Diabetes mellitus results from failure of the beta cells in the pancreas to produce enough insulin. The pancreas is a small but critical organ attached to the upper small intestine near the stomach and liver. It has two functions – producing enzymes to aid in digestion and producing insulin to help the body utilise sugars, fats and proteins.

Pets develop the same types of diabetes as we do: Type 1 (genetic, this is rarely diagnosed in dogs and cats) and Type 2 (acquired, see predisposing conditions below. Certain breeds of cats, including Burmese, are thought to be more susceptible to Type 2).

What initiates diabetes mellitus?

Again, as in people, there are a number of predisposing conditions leading to Type 2 diabetes. Overweight cats are more prone to diabetes. Pets that have had pancreatitis – an inflammation of the pancreas more common in dogs – are also at higher risk of developing the disease. Certain drugs, including cortisone-type drugs and some hormones (especially those used for controlling oestrus) can initiate diabetes, especially if used for long periods.

Symptoms and clinical signs

When the body lacks insulin, sugar accumulates in the blood stream and excess spills into the urine. These high levels of sugar in the urine causes two key signs: polyuria and polydipsia. That is, the cat will begin to pass large amounts of urine and drink lots of water. The pet will be constantly hungry but at the same time, will lose weight as the nutrients in its diet are not being processed efficiently.

Other possible signs in cats include fat accumulation in the liver and infections in various organs. Cats rarely develop cataracts as dogs do, but they can develop an impaired jumping ability and abnormal stance and gait.

Cats with Type 1 diabetes will often show the above clinical signs (excess urination and drinking, and weight loss despite a good appetite) without being particularly unwell. Cats with the more common Type 2 diabetes become seriously ill, and are often presented to CVH vomiting, weak and depressed.


Clinical signs of excess drinking and urination, backed up by the detection of high levels of sugar in the urine and blood, confirm a diagnosis of diabetes mellitus. A sweet odour may be noted on the breath if the animal is ketotic. A blood screen of other organs is essential to check for abnormalities in the liver, kidney and pancreas and diabetic patients with ketoacidosis may have an elevation in their blood stream of waste products that are normally removed by the kidneys.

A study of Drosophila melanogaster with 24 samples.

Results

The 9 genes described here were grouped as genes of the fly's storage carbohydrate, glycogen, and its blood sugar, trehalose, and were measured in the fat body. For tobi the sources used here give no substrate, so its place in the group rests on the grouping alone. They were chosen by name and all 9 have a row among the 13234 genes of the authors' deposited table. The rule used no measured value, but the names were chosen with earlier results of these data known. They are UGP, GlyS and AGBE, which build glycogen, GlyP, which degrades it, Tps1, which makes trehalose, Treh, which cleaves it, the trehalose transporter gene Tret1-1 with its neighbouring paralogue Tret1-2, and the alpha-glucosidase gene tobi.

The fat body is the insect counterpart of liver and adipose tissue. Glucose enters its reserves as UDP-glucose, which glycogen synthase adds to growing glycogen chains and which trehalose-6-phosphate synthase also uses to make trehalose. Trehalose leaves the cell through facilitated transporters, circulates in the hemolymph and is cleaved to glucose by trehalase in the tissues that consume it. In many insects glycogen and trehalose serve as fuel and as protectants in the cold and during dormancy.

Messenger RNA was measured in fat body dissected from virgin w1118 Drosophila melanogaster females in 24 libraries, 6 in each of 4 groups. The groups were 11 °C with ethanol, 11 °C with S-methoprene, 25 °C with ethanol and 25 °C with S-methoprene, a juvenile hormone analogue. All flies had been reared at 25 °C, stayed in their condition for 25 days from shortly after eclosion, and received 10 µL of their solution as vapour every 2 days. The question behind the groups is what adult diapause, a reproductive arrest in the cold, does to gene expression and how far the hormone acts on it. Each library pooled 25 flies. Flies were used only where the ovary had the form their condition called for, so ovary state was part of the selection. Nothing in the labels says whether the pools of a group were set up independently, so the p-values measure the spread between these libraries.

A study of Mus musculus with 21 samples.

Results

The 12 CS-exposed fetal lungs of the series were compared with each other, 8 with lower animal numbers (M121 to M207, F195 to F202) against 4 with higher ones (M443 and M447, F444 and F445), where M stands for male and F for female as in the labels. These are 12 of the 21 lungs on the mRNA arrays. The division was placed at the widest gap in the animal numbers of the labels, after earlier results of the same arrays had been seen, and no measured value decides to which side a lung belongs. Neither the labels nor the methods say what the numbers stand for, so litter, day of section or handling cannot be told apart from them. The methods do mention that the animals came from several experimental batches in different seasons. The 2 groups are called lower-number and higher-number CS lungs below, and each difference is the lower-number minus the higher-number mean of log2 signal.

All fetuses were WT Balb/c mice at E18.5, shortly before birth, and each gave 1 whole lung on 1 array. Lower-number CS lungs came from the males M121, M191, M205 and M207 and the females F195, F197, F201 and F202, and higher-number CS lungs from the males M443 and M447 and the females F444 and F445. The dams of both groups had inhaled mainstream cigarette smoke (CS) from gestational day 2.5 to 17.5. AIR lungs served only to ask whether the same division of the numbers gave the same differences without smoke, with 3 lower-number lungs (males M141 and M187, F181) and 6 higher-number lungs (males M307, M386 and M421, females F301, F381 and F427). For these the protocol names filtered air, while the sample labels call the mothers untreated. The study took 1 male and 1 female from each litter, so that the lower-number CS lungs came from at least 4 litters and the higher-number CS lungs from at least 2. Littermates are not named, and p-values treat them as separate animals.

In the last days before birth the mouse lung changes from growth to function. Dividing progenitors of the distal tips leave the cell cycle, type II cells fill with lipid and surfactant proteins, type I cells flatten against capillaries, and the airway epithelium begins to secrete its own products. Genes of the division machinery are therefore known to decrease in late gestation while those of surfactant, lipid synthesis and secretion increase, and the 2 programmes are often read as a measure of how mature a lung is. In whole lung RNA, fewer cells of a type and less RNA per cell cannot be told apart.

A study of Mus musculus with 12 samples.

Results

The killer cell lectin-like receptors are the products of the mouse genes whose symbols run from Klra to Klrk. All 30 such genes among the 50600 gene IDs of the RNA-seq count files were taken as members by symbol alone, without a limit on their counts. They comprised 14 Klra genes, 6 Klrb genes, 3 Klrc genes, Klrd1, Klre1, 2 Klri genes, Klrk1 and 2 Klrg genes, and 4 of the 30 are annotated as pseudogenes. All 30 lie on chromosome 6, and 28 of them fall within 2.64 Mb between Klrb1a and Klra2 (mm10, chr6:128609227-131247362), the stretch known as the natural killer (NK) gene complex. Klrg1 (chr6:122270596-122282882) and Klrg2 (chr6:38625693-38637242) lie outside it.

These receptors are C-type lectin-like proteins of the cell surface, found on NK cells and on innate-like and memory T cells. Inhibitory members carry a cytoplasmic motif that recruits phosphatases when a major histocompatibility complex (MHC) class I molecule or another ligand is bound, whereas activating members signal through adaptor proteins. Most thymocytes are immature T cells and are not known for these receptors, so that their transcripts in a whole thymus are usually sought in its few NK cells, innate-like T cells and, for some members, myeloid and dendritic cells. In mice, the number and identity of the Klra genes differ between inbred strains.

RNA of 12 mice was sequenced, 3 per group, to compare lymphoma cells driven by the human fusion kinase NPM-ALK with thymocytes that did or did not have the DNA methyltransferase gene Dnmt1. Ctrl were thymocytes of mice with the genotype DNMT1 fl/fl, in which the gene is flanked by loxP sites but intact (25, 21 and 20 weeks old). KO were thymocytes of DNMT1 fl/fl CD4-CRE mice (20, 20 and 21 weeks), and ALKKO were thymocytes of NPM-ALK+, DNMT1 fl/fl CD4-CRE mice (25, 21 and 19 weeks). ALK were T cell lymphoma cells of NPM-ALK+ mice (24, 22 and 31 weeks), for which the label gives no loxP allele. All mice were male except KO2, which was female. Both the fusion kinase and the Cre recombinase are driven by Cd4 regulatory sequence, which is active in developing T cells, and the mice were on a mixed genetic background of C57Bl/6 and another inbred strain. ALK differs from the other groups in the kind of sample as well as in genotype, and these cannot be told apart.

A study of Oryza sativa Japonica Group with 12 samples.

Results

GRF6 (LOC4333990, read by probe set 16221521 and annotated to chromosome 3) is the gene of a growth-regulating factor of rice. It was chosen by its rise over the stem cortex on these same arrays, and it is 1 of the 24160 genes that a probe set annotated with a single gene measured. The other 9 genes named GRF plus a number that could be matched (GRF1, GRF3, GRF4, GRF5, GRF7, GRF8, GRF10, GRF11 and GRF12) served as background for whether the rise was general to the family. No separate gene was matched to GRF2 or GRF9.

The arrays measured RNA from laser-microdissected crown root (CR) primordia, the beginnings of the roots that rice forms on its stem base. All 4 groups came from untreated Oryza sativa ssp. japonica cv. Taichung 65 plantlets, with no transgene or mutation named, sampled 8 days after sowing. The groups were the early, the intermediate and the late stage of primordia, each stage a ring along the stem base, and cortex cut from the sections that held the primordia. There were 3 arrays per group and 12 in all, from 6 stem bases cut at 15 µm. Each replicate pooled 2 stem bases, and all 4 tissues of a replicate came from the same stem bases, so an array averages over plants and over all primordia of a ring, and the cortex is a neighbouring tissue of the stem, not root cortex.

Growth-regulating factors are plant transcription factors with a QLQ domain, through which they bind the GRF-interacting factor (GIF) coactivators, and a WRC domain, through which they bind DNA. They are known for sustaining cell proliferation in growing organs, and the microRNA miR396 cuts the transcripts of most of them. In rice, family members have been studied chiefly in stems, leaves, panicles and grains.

It’s also essential that middle-aged or older cats (over 7 years) presented with weight loss and increased appetite are tested for hyperthyroidism – in cats, diabetes and hyperthyroidism cause similar clinical signs and can occur at the same time.


Pets with diabetes require individual, carefully monitored treatment regimes. This usually includes 12-hourly insulin injections and always, a tailored, appropriate diet.

Undertaking treatment is a huge commitment for the pet owner. CVH vets give our clients as much information as possible – it’s essential the pet’s owner understands the requirements for successful treatment of diabetes before we begin the task of stabilising their cat for long term treatment.

The aim of treatment is to replace enough of the body’s insulin so clinical signs are controlled, but hypoglycaemic episodes (low blood sugar from too much insulin) are avoided. It’s been said that the treatment of diabetes is a combination of art and science – each animal needs an individualised treatment regime, frequent reassessment and treatment modified based on response.

The insulin injections are given under the skin with very fine needles. Insulin dosing syringes are easy to use and allow accurate measuring of the small insulin doses required for cats.

One of the trickiest things is to master is the collecting and testing of urine from cats. Our vets can help with some easy, practical ways to ensure litter-free urine is collected for testing.

Diet modification

Managing the diet of diabetic cats is critical and to make life easier, we stock both canned and dried prescription diets for diabetic pets. For overweight diabetic cats, it’s essential to get the pet’s body weight back to normal – we can assist with helping to devise a weight loss diet that’s also safe for cats with diabetes. Alongside achieving weight loss is the need to feed a high protein/low carbohydrate diet. Protein provides a good energy source and prevents the loss of lean muscle mass, while carbohydrates can contribute to hyperglycaemia – feeding a diet low in carbohydrates is essential. The frequency of feeds will also be important and this can include a regime of more frequent small meals given at specific intervals. 

After the initial diagnosis

Once a diabetic pet is stabilised, successful ongoing treatment requires excellent teamwork and regular communication between the client and our vets. Clients need to become even more observant of their cat’s behaviour and health, learn how to monitor urine for sugar with dipsticks, and report any concerns promptly. It’s important to keep a daily record of injections and dose, water and food intake and appetite, the presence or absence of glucose in the urine, and to weigh your cat regularly.

At CVH, we are well-experienced in the diagnosis and treatment of diabetes, but it is not an easy disease to manage and a successful outcome requires much dedication and patience from the cat’s owner – and, an amenable cat. But it’s also remarkable how many feline companions accept and become accustomed to their twice-daily injections, going on to live happily for years after their diagnosis of diabetes.